The extension of the Botley Road site working hours will not lead to drilling throughout the night, a Network Rail director has revealed.

Network Rail has announced that new 24/7 working hours will kick in from September 2 in order to make up for works grinding to a halt when a brick arch was unexpectedly found in June.


Amid fears that longer working hours could cause noise at night and be disruptive, Claire Mahoney, Network Rail’s industry programme director, told the Oxford Mail during a site visit that all of the noisy activities such as drilling would be done during the day.


She said: “During the night, we will be doing quieter works which will need to continue to maintain the site programme.”

From August 14 (Monday), teams on the site have been working from 7am until 7pm seven days a week.

Ms Mahoney said the arch’s discovery had caused a “slight impact on the project programme” as the methodology of works needed to change to accommodate the utilities diversion.


She said that between 10 and 15 workers would be carrying out work during the night and during the day this number rises to between 20 and 25.

Ms Mahoney said: “We are moving to the 24 hours working schedule to mitigate some of that and reviewing the options to see how that might need to influence some of the later stages of the works.”

Oxford Mail: Works at the Botley Road siteWorks at the Botley Road site (Image: Ed Halford)

Botley Road first closed on April 11 and the closure is expected to last until October so the £161 million upgrade of Oxford station can take place.

The upgrade will mean an additional platform and western entrance to the station.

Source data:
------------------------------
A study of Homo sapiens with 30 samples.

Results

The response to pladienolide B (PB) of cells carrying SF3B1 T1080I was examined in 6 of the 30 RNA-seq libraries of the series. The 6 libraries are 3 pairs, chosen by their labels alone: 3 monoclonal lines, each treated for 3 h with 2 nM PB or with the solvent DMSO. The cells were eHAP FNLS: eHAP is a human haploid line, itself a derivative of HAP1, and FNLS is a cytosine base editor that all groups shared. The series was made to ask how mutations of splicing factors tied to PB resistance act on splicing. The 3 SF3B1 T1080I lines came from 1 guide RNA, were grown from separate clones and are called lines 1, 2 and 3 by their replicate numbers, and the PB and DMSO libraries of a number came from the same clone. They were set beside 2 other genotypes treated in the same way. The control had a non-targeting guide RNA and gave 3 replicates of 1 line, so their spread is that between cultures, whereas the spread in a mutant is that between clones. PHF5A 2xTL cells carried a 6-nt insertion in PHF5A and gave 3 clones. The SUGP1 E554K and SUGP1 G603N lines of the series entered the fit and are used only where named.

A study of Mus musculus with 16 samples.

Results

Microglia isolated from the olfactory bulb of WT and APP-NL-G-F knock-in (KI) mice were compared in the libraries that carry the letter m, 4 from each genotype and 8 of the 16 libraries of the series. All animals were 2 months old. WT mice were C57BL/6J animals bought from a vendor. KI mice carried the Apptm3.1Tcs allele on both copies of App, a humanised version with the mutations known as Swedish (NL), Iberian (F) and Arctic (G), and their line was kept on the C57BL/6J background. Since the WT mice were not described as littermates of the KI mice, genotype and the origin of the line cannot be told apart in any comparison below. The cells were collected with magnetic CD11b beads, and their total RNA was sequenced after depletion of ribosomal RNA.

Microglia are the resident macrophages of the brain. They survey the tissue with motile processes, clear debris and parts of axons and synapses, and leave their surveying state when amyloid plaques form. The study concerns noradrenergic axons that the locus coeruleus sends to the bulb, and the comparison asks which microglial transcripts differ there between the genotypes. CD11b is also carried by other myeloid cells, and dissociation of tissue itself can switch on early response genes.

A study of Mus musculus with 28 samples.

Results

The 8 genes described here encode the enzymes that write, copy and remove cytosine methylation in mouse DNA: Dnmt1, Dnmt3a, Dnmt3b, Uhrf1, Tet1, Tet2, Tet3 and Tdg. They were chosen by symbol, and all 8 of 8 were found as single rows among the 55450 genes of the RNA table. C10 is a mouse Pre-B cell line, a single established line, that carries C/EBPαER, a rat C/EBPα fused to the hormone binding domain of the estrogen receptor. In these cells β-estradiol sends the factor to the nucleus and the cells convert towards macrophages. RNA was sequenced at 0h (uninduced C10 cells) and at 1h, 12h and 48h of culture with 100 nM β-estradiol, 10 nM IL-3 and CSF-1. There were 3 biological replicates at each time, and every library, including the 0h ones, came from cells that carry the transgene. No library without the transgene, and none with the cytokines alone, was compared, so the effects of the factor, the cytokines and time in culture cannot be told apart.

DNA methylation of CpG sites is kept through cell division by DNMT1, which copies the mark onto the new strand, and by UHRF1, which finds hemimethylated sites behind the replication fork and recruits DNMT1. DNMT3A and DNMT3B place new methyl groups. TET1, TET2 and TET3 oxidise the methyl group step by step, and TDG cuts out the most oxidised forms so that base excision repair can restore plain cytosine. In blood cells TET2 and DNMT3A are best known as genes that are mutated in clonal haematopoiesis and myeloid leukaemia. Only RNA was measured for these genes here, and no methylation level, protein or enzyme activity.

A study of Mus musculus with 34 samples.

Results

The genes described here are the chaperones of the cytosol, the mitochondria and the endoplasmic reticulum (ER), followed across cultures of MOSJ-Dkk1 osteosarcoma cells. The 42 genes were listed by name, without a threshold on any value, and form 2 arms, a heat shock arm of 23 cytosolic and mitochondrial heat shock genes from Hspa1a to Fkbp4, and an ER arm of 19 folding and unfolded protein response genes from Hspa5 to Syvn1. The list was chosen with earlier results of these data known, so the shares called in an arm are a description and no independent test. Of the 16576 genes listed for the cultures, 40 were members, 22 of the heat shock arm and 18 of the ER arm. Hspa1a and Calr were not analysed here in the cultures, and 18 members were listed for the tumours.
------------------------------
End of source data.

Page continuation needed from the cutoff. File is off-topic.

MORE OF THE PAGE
Ms Mahoney suggested Network Rail are still aiming to keep to this deadline for re-opening the road.

Oxford Mail: Botley Road worksBotley Road works (Image: Ed Halford)

Visiting the site yesterday morning, Mark Dodd from Oxford archaeology said: “We didn’t really know what would be underneath the ground.

Oxford Mail: Mark Dodd on the siteMark Dodd on the site (Image: Ed Halford)

“Any opportunity to have an insight is always interesting.

“Our role is to be present for all the excavations they are doing for these station works.”

The new work schedule plans to concentrate on safely removing the brick arch before work to divert the utilities below Botley Road can continue.

Back in July, Philip Morton, project manager at Network Rail, and David Paull, stakeholder manager for Oxford station project, told the Oxford Mail the discovery of an historic arch meant they would be asking Oxford City Council to “extend the permitted working hours” and this put sticking to the timetable for the works in doubt.

Mr Morton explained that the next stage of works included “installing piles to stabilise the bridge while we excavate the brickwork before we can continue to divert the utilities.”

Oxford Mail: Botley Road siteBotley Road site (Image: Ed Halford)

He said: “Going forward, we will be working day and night so we can gain back some of the time lost, with the majority of the noisy work planned to take place during the day, to minimise disruption for the local community.”

Work on the site also had to come to a sudden halt on July 20 (Thursday) when the area had to be evacuated due to the discovery of a WWII era hand grenade within the work site, close by to the railway tracks.

Officers from British Transport Police attended the incident, alongside personnel from Explosives Ordinance Disposal.


He joined in the team in February 2023, after completing a History undergraduate degree at the University of York and studying for his NCTJ diploma in London.